Local Ways To Celebrate The 75th Anniversary Of D-Day

Jun 6, 2019

Shortly after midnight on June 6, 1944, more than 13,000 Allied paratroopers dropped into Nazi-occupied France behind the beaches of Normandy, where they secured bridges and exit ramps from the beaches, providing tactical support for Allied troops that would hit the Normandy beaches that morning.

The amphibious landings began at 6:30 a.m. More than 150,000 American, British and Canadian forces landed on five beaches along a 50-mile stretch of the heavily fortified French coast.

Codenamed Operation Overlord, the risky invasion of Normandy later became known as the beginning of the end of World War II in Europe, or simply "D-Day."

Joining Cincinnati Edition to discuss the importance of the Normandy invasion and events commemorating the 75th anniversary of D-Day are National Museum of the U.S. Air Force Curator Jeff Duford; Marie Angoulvant, 3D modeler and texture artist with Histovery, the French company that created a fully interactive augmented reality (AR) experience exhibit focusing on American Airborne missions on D-Day; and Air Force Museum Foundation Executive Director Mike Imhoff.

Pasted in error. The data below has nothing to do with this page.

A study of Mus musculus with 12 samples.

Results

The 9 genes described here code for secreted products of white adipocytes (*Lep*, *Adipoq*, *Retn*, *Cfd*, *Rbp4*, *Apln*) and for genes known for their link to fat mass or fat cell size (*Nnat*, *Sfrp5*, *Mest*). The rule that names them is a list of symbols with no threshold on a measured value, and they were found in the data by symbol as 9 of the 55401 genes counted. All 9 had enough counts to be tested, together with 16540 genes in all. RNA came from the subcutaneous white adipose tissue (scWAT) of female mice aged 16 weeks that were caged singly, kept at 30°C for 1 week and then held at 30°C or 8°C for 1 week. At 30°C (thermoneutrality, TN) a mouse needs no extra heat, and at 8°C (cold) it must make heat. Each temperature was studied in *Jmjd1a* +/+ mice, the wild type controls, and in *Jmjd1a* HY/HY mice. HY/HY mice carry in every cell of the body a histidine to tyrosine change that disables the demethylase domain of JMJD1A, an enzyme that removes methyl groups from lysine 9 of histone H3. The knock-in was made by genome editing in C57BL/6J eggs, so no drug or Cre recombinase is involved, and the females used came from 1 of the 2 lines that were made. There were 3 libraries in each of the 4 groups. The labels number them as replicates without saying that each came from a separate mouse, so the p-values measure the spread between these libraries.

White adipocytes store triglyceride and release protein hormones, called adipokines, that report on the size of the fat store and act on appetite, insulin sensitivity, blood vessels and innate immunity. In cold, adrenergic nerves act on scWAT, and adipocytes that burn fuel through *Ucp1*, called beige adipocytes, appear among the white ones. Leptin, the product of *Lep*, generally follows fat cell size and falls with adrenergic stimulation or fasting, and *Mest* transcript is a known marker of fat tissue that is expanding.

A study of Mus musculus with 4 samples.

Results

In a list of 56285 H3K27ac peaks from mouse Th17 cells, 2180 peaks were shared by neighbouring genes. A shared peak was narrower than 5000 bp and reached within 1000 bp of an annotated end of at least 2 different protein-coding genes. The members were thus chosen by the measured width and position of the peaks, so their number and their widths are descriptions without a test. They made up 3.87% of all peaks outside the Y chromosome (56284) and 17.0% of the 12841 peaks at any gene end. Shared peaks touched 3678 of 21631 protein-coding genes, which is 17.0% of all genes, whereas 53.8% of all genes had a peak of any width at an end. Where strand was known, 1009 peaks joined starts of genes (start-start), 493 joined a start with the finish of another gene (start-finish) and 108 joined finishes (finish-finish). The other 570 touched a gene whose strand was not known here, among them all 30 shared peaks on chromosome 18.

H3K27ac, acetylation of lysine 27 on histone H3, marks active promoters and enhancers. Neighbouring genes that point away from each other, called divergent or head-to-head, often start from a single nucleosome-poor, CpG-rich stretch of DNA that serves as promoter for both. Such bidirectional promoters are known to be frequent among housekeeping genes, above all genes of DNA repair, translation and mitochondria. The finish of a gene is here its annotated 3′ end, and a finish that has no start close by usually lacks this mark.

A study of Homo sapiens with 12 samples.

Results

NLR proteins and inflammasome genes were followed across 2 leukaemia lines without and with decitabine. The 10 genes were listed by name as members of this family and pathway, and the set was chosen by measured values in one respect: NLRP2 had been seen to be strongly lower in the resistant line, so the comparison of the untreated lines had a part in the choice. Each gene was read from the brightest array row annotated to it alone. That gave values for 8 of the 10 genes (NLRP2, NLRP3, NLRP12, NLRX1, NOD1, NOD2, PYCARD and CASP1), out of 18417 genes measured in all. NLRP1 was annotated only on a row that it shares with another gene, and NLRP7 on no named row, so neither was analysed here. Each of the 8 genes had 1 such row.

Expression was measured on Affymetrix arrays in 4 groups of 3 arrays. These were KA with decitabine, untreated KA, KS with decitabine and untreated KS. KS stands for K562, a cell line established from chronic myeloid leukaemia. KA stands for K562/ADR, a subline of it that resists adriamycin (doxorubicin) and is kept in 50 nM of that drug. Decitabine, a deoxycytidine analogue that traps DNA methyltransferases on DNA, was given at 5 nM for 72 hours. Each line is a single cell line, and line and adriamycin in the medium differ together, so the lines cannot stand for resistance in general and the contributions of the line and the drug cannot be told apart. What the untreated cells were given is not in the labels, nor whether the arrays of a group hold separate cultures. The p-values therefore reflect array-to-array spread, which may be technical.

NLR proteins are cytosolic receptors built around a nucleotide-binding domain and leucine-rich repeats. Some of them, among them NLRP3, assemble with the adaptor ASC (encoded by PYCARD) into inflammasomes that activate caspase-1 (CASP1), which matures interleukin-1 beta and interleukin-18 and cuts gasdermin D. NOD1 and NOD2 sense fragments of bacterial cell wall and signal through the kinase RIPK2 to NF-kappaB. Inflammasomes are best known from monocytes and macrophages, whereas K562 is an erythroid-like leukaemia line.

We also speak with WWII veteran Jim "Pee Wee" Martin, who parachuted into German-held territory behind Utah Beach at 12:30 a.m. on D-Day. Martin was a member of the 101st Airborne Division, one of the original "Toccoa Men" of the 506th Parachute Infantry Regiment.

The 101st Airborne was relieved and returned to England in July, after 33 days of fighting in the Normandy campaign. Jim Martin took part in "Operation Market Garden," the defense of Bastogne during the "Battle of the Bulge" and the occupation of Adolph Hitler's mountain home in Berchtesgaden. Martin shipped back home to the U.S. in September, 1945.

On the 70th anniversary of D-Day in 2014, Jim Martin, then age 93, became the last “Toccoa Original” (1942) American paratrooper to jump over Normandy.

Events commemorating the 75th Anniversary of D-Day take place throughout today and this evening at the National Museum of the U.S. Air Force. D-Day exhibits, including the augmented reality "Freedom from Above" interactive experience, will be at the museum through the end of 2019.